Hypothetical scenario: You’re a business owner keen on turning your decently-performing company into the success story you know it can be. You make the decision to sink hard-earned money into much-needed marketing, do some shopping around, and find the right agency. Fast-forward a week or two and your first project is underway. You come back from lunch, check your email and notice that your new agency friends have sent over the first round of creative for some deliverables. You open up the attachment like a kid on Christmas morning and… your heart sinks. “This isn’t what I asked for,” you say to yourself as you write an email to your point of contact saying as much. That’s reasonable, right?

Of course it is!

First of all, any agency worth their salt is going to build 2-3 rounds of revisions into each project you do with them, for the simple reason that creative often misses the mark on the first attempt. The problem is when those 2-3 rounds turn into 4-5. More often than not, this is when the account manager will politely inform you that those changes are outside the original scope of the project, and that they’ll cost an additional X dollars if you want them to happen. Or, it might come in the form of them challenging you on the necessity of those changes. Both instances are examples of pushback, and believe it or not, they do this for a few well founded reasons:

  1. Looking out for your bottom line. At a certain point, every project – regardless of who’s working on it – will exhibit diminishing returns when it comes to “time and money” in, and “quality of deliverables” out. Agencies understand this, which is why they present their best creative work from the get-go: the longer it takes to make the client happy, the longer the project drags on, and the longer it takes for them to move onto the next project. It’s like the 3:00 am rule, but for marketing: rarely does anything good ever happen after the third round.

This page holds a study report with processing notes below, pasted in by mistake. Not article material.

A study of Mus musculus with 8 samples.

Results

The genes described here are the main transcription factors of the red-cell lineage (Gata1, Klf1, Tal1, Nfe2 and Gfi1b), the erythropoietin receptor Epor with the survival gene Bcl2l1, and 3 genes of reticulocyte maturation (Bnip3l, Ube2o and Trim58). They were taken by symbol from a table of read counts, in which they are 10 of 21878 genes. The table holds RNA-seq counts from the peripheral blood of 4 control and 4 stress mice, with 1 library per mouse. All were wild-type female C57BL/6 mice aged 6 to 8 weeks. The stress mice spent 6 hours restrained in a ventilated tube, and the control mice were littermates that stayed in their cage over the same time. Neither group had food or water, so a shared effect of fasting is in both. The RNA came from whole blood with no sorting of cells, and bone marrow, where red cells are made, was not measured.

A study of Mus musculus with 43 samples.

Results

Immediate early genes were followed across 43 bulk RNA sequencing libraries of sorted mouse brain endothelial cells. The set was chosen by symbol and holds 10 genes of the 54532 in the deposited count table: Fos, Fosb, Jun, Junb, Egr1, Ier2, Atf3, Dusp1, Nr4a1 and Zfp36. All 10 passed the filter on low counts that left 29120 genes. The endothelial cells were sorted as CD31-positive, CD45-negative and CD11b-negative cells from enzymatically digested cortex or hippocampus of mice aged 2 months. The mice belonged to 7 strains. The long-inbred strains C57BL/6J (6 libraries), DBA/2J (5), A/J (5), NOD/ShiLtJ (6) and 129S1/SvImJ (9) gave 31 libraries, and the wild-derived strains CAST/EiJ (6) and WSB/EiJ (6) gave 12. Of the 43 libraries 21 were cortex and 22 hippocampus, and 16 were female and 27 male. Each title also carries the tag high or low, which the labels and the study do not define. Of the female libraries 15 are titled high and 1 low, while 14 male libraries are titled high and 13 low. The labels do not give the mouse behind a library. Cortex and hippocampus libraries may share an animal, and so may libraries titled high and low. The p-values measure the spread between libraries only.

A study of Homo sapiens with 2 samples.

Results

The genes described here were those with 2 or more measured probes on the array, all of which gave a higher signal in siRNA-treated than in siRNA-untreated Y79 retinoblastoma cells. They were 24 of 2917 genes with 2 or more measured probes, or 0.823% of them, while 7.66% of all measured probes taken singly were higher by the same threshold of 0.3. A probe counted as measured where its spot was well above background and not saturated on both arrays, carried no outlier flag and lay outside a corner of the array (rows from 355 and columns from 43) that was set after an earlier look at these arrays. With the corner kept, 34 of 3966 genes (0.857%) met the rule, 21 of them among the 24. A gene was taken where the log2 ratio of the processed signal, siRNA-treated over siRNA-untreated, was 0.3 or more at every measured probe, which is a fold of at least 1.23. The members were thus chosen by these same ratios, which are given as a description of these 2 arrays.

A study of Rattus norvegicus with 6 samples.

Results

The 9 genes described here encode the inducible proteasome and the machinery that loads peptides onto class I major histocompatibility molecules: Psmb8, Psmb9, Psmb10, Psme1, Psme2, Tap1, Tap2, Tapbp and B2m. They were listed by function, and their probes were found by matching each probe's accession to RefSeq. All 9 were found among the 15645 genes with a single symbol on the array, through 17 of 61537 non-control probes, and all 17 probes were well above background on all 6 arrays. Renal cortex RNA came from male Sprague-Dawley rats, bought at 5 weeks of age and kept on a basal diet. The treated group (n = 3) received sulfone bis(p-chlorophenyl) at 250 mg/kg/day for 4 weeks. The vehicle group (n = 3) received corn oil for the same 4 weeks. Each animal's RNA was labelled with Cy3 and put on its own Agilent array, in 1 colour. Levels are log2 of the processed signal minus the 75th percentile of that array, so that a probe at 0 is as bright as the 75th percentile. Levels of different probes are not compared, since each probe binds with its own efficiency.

2. It benefits the decision-making process. When it comes to business ownership, decision making is a critically important and difficult task at the best of times. By pushing back on what they perceive as unnecessary or unreasonable requests, your agency partners will be providing one of the most valuable services they can: helping you to evaluate and justify your marketing decisions. And in all likelihood, the conversation will come down to this:
    1. If you think the decision is important enough to warrant going over budget, then go for it. But;
    2. If the idea of spending extra has you biting your cheek, know that “good enough” often is.
  3. Finally, time is money. Your business doesn’t give away its products or services, and neither do agencies. Creative work, project management, brief gathering, strategizing, web and app development, ad buying… all things things take time, and time is what agencies bill you for. So when a client makes changes, as small as they make think said changes are, it shouldn’t come as a surprise that timelines and budgets are affected. But here’s the thing: agencies hate charging you extra even more than you hate being charged. Their whole business model is built on keeping clients happy, delivering high-quality work on-time, and keeping their prices competitive. Billing you extra is never something a good account manager looks forward to.

Pushback is not a fun process for anyone, believe you me. Tarryn Corlett said it best in a piece she wrote for AdNews: “Agencies will always aim to treat every client like gold.” The client-agency relationship is a two-way street; the more the former empowers the latter, the happier they’ll be in the long run. But that’s not to say clients shouldn’t hold their agency partners accountable––they most certainly should. After all, what kind of a two-way street would it be if they didn’t?